If you’re in marketing, especially of the digital variety, chances are you won’t have much trouble figuring out something new to do this week.
With the explosion of the interactive world into all of its social and mobile splinters, there is always another tool, another tactic, and another way to keep busy. So much so that it might seem to the cynical to be a bit of a competition to see who can look busiest, who can learn the most tools, and who can chase the latest fad.
But if you look at the “to do list” from a coherent standpoint — understanding that there is an overarching, transformative task that is x% on the way to being achieved at your company — the bits and pieces don’t seem endless anymore. It can become more obvious that your company is roughly 10%, or 75%, along the road to reaching a state of (if you will) “full online personhood”. So for some time, that’s a big part of what you’ll be going to work every day trying to fill out. You might as well gamify it.
Your online (social, reputational) “presence” — and the task of completing it — isn’t so much more complicated than filling out a LinkedIn profile, at least in the sense that you can get roughly x% through the task if you keep at it.
That has become increasingly obvious to some kinds of companies — especially larger ones. Some analysts of online competence — when they write and speak — direct their exhortations to “brands,” as if brands are people with souls. “Brands should… ”
It sounds funny, but understanding the context, it’s not far off. At one point in time, going online might have meant building a website, or several. Today — and the proliferation of social media presence & monitoring dashboards/tools like Radian6 is a testament to that — one’s online presence as a company forms a sort of multidimensional profile with all sorts of offshoots and strange surfaces and textures. If a company speaks in a disjointed voice, can be found in one place and not another, leaves little breadcrumbs of its humanity over here, but not over there… it all culminates in the overall impression left with the customer, or potential customer.
If all of that “looks funny,” or barely exists at all, then it really doesn’t matter what the reality of the good people and their good products is, for the hypothetical researcher who might somehow be able to visit the company’s executives in person or magically source perfect word-of-mouth through old-fashioned means. If a tree falls in the forest, and all.
So that’s why brands should.
Of course, we were warned. Long before there was a Facebook, a Twitter, or a Yelp, the Cluetrain Manifesto authors did alert us to the fact that “markets are conversations.” This isn’t something the folks over at Hootsuite just discovered.
If you went out and took a hard look of the (gamified) state of many brands’ building from the one-dimensional (“website and search engine”) visibility paradigm (circa 1998) up to a state of contemporary, full online “personhood,” you’d see many of them at 50%, or maybe just a bit better. More than enough, in most jurisdictions outside of Palo Alto, to be lauded as maintaining a transparent, full-featured, bona fide online presence. Maybe even a likeable one.
But not every company is a “brand.” Why analysts and gurus speak directly to brands (Kleenex? The Keebler Elves? Adidas? Boeing?) probably has something to do with a belief that brands have budgets for agency and guru services. Big ones.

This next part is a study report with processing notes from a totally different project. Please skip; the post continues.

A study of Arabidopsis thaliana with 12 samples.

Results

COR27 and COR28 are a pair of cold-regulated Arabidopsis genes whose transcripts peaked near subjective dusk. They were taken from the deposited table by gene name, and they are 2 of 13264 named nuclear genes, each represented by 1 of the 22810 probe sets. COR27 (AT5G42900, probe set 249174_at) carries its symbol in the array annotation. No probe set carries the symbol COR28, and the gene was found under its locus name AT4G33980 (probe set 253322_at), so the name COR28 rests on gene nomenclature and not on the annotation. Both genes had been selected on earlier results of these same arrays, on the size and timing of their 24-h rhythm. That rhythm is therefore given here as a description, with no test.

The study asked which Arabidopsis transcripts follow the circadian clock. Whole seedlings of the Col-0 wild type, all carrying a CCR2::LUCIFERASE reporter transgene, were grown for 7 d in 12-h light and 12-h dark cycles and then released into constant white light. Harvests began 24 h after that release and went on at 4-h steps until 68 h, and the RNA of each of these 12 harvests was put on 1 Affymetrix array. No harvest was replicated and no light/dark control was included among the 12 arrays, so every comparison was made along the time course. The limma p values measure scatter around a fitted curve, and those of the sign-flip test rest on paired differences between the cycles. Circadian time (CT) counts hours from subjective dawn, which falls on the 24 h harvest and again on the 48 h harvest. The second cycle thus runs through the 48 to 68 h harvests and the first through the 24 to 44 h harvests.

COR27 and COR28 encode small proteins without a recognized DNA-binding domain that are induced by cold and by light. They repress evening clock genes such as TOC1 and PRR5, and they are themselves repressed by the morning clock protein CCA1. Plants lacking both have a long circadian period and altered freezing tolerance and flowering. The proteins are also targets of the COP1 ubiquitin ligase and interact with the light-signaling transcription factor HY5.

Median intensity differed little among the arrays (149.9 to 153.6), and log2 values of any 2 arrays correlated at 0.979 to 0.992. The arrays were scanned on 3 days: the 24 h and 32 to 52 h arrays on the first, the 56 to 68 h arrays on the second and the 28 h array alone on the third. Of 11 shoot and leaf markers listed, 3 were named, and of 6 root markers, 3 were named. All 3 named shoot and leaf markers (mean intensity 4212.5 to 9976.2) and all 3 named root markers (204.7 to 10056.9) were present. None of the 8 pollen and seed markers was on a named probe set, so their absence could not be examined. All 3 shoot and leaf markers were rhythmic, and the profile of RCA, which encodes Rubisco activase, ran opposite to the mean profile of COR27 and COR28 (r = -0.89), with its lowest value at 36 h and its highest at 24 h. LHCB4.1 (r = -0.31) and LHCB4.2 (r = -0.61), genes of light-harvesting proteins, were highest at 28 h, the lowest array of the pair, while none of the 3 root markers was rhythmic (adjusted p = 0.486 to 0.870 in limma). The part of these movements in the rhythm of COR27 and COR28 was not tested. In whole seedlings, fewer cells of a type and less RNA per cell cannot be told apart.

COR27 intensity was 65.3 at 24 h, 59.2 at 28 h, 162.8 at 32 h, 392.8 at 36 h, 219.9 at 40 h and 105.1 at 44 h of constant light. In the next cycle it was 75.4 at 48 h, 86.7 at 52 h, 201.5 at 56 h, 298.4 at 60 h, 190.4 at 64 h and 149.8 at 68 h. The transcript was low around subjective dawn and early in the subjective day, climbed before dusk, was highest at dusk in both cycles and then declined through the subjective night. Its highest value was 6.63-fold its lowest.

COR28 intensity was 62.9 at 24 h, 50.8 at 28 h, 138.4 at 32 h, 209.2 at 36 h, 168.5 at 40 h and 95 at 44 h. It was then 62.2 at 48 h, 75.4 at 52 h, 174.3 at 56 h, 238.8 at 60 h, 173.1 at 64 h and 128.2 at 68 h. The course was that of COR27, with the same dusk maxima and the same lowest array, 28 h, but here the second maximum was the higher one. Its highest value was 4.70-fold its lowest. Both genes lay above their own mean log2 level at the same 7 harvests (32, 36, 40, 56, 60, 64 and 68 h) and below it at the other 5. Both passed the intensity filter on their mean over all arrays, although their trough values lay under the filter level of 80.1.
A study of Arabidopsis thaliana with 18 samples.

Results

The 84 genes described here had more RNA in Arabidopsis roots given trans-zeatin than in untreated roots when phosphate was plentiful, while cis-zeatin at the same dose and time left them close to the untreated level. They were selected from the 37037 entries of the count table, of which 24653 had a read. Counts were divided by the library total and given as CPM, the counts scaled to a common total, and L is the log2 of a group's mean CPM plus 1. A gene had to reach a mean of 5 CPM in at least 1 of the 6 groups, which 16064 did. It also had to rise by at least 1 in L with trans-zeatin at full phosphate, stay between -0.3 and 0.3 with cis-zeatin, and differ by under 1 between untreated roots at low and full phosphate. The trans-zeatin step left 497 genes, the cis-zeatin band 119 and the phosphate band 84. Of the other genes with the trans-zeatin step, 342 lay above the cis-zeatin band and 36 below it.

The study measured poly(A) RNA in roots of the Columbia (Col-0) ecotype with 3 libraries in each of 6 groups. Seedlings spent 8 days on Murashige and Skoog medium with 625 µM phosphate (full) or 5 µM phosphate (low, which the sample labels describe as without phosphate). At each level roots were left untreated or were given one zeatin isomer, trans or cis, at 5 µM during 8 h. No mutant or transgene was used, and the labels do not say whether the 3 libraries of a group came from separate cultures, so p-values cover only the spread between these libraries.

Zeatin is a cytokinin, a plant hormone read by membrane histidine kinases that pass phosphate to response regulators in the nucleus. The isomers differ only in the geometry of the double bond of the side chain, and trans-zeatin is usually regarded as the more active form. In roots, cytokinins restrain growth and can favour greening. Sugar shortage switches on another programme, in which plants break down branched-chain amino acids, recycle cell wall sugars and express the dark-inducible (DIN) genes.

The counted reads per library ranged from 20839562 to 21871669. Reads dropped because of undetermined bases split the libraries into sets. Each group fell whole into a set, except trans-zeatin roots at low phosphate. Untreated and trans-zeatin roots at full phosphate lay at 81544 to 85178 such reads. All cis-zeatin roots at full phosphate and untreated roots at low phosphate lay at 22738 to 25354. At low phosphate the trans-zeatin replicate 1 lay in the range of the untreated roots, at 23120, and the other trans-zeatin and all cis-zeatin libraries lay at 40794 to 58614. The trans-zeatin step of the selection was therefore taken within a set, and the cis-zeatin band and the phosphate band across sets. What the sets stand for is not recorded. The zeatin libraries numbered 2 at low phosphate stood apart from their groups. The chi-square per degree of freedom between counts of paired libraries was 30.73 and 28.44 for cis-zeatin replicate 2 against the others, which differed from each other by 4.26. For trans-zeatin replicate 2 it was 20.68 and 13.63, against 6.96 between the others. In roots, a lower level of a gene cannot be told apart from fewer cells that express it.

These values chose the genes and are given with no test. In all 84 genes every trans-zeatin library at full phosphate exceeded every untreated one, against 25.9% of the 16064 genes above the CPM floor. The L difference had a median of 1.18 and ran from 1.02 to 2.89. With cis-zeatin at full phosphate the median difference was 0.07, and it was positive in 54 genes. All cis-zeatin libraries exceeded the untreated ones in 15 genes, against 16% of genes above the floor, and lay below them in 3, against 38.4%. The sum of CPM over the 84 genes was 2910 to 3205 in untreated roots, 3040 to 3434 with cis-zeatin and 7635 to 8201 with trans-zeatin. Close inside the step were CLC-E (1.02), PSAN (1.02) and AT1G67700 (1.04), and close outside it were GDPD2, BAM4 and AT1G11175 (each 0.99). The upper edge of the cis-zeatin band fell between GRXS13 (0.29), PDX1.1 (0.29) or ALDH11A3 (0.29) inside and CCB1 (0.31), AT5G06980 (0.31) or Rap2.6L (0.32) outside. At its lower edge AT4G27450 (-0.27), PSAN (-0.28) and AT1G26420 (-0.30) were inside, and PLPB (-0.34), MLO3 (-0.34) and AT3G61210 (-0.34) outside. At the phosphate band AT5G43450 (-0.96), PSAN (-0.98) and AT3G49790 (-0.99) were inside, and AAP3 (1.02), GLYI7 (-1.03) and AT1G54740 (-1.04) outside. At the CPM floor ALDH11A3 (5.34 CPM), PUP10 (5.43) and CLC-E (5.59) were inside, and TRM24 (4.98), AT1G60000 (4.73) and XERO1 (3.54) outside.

But the non-brands still need to build their “brands” in their own fashion. They’re sorely lacking in encouragement. Their industry peers and boards of directors might not see a need. It can quickly move past the point of being a need to a crisis. Catch-up is hard if you fall too far behind. Try starting up a Twitter account today and see how many real, engaged followers you have next year.
The non-brand brands out there — medium-sized companies — are probably 25% of the economy, as against the larger companies that make up 40% of it (and putting aside for the moment the 35% of the economy that are small to very small businesses). They have a lot of customers. For what a lot of customers want and need, they are better than so-called brands. They should be proud of that! They should own it. They are better than “brands” at connecting with the Seth Godin proposition that today, We Are All Weird. And small (or at least, medium) really is the new big.
All have a built a reputation they want to keep. But standing still instead of building it out further means you lose ground, since the playing field has shifted so dramatically. And yet that guru speaking at TED is not going to have his sales team call, asking when you plan to come up to speed. After all, the sales team is busy making presentations to “brands.”
And… in the gamified state of their buildout of this generation of their online marketing, these great non-brand-brands are stuck at “10% done” — sometimes less. They won’t be great for long if they don’t update their toolkits. “Quiet confidence” and “quiet competence” is are things you only get credit for when someone, um, hears about them.
The to-do list for these non-brands is now extensive and urgent. They need to get on it. For the exact same reasons “brands” did. And it needn’t seem like a random array of tactics and means of gaining cool points. I like to think of it as a coherent mission to adapt to the new requirements of building a full, deeply textured, and coherent presence. The technology, and customers’ expectations, have made this both possible and necessary.